Auto Executives Speak on President Donald Trump
Published February 14, 2017 by Elizabeth Jeneault
Donald Trump was officially sworn into office on January 20. He now goes by President Trump and with the new title, comes a lot of power. Automakers are fully aware of that newfound power and have long been paying close attention to what Trump has had to say about the auto industry for that reason. We previously reported on Trump’s feud with Ford. Trump targeted Ford throughout his campaign over its prior plans to invest $1.6 billion in expanding production of small cars in Mexico. The company said it was doing so to further increase its competiveness. That money was going to be used to build a new plant in San Luis Potosi, Mexico. But after Trump repeatedly called on Ford to change those plans, the company announced it was doing just that. Instead of investing that money in Mexico, Ford announced it was expanding its Flat Rock, Michigan facility. That factory will build high-tech autonomous and electric vehicles as well as the Mustang and Lincoln Continental, creating 700 direct new jobs. Ford isn’t the only company to fall into Trump’s direct line of fire. He has repeatedly threatened to impose a border tax of 35 percent on vehicles imported by any automaker to the U.S. market. Most recently, BMW, Daimler and Volkswagen were criticized by the new president. “If you want to build cars in the world, then I wish you all the best. You can build cars for the United States, but for every car that comes to the USA, you will pay 35 percent tax,” Reuters reports Trump said in an interview with German newspaper Bild. "I would tell BMW that if you are building a factory in Mexico and plan to sell cars to the USA, without a 35 percent tax, then you can forget that," said Trump. Despite the threat, BMW told reporters that it was sticking to its plan to open a factory in the same location Ford was planning to. An executive said the company will invest around $1 billion in a new plant in San Luis Potosi. The factory is set to build the BMW 3 Series beginning in 2019. The company says the investment will create at least 1,500 jobs. While BMW is holding its ground, one thing is clear: Trump won’t let up. That’s why Motor Trend magazine set out to interview the top executives of several automakers at the North American International Auto Show in Detroit. Here’s a look at what some of them had to say.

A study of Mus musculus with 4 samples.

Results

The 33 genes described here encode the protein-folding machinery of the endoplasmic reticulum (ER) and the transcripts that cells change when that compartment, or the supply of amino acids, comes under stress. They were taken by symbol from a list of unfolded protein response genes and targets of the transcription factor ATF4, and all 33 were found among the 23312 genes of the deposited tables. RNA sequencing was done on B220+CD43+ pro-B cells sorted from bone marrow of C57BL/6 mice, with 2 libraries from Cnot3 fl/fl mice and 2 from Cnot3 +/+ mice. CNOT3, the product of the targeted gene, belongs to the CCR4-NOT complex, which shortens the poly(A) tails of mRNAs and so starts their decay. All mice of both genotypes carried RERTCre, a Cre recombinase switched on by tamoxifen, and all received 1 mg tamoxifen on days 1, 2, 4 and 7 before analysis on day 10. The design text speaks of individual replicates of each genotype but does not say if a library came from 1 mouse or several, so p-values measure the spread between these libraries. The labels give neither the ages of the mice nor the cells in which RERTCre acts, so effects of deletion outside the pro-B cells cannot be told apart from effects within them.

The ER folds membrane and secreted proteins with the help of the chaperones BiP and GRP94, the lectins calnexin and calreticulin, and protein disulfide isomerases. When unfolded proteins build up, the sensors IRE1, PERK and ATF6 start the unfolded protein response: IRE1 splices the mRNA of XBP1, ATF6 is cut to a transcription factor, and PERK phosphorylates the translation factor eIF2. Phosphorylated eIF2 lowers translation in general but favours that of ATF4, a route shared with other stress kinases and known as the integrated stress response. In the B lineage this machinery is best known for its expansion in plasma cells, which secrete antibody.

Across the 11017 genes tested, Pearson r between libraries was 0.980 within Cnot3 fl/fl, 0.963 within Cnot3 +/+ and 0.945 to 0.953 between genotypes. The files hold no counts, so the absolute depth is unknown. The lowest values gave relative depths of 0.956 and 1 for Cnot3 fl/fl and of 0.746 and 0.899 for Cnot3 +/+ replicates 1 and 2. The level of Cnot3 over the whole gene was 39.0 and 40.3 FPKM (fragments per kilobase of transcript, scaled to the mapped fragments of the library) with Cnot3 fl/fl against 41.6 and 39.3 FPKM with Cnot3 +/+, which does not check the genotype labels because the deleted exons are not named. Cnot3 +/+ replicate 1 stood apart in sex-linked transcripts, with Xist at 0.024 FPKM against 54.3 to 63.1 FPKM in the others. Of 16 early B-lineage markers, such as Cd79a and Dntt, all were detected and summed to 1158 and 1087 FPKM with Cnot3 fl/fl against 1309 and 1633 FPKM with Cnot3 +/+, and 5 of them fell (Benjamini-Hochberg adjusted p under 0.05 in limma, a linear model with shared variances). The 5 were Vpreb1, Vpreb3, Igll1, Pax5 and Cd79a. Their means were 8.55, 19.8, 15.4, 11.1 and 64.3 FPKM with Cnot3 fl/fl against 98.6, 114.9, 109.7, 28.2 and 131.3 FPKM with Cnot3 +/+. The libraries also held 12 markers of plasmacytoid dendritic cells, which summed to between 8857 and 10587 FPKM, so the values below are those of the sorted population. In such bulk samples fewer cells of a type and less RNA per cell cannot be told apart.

∗ Monthly payments are only an example shown for convenience. Estimated monthly payments based on 3.9% APR, 60 month financing, and 20% down payment. Taxes and other fees are not included in price or payment. Subject to approved buyer credit. Actual purchase terms may vary. Payment calculations may not reflect actual financing terms. Down payments subject to availability, approved buyer credit and lender requirements.